The Many Birds of ROOKERY BAY Research Reserve
Rookery Bay Research Reserve’s 110,000 acres is home to a diverse species of wildlife including a multitude of different types of birds that flourish in the subtropical climate and variety of habitats, everything from hawks such as ospreys and eagles to wading birds like egrets, herons and roseate spoonbills.
Not only do Reserve researchers and avian biologists monitor these birds that call the Reserve home full-time, they also keep track of many that use Rookery Bay as a stop along the way to rest and feed during their migrations to parts even further south like South America. Birds such as the Red Knot, the tiniest of sandpiper, travel through the Reserve during their long migration from the Arctic Circle to Argentina. The large Northern Gannets (a seabird with a wingspan of 6 feet), are another species of bird that use Rookery Bay as a refuge during migration from Canada each year. Rookery Bay Reserve is truly a place for bird watchers and nature lovers to see all different types of bird life at any time of the year!
There is a very special spot in the Reserve where seabirds return each year to nest called Second Chance Island. Located south of Marco Island, this little slip of sand bar has played an important role in the survival of endangered bird species since it was designated a Critical Wildlife Area (CWA) in 2001. Boat landings, shelling, people, dogs and fishing are strictly prohibited on this white sand island from March 1 – August 31.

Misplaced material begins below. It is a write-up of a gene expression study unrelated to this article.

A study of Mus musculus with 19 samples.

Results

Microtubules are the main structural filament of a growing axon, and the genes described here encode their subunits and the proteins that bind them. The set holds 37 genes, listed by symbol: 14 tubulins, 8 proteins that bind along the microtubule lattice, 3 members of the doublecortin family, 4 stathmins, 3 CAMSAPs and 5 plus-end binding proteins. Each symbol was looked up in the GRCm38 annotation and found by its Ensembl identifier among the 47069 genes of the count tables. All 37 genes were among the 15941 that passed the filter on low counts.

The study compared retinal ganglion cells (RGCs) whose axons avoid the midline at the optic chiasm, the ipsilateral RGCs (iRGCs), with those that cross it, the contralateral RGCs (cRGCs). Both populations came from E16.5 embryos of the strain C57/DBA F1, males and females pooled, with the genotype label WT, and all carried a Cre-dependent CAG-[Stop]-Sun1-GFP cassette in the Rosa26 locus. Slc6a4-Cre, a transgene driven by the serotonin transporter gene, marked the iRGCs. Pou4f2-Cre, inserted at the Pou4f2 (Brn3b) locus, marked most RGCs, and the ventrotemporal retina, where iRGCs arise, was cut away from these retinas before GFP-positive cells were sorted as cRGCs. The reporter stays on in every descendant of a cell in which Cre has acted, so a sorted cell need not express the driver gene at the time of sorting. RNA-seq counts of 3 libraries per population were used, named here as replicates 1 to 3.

Each year, Rookery Bay staff and volunteers work together with Florida Fish and Wildlife Conservation Commission (FWC) and Audubon Florida to place closure signs all along this small
stretch of island beach. Over the years, Second Chance has proved a successful breeding location for endangered birds including Least Terns, Black Skimmers and Wilson’s Plovers. It’s remote
location and CWA designation offer these birds that nest out in the wide-open, in the sand and shells a “second chance” to mate and raise their vulnerable chicks on a remote beach, free from
predators and disturbance.
Check out the birds, wildlife and natural beauty of Rookery Bay Research Reserve this summer with one of our boat or kayak tours or visit the Environmental Learning Center. For hours or to make a reservation for a boat or kayak tour, please visit www.RookeryBay.org
Summer Virtual Birding Webinars Take a Break This Summer with Seabirds
Each month this summer, join Rookery Bay’s three avian experts for an online webinar to learn
about the amazing migration journeys of seabirds, their nesting habits and daily lives. You’ll view
birds through a special live-streaming telescope and take virtual tours of some of the best places to see seabirds, from beaches to islands to mudflats!
Online admission: $10.00
Registration is Required at
May 20, 10-10:45am ET
Discover the Littlest Seabirds – The Least Terns
Join Audubon Florida’s Rochelle Streker as she visits a local colony of Least Terns. Least Terns
are the smallest species of tern in the world and nest right here on the beaches of Florida.
June 24, 4-4:45pm ET
The Uncommon Lives of the Common Terns
Catch up with Adam DiNuovo, live from an island, to talk about his experiences living and working with seabirds in the Gulf of Maine. Take a glimpse inside a colony of the small, but mighty Common Terns.
July 29, 7-7:45pm ET
For the love of Black Skimmer Chicks
Join Col Lauzau and Rochelle Streker on Marco Island Critical Wildlife Area as they carefully affix young Black Skimmers birds with individual identification markers (also known as bands). Learn the importance of this practice and how the information gained from banding helps to protect these bird colonies.
August 18, 2-2:45pm ET
Seabirds Tern it Up for the Season Finale
Breeding season is wrapping up, check back in with your favorite seabird biologists as they chat about the successes and lessons learned this summer.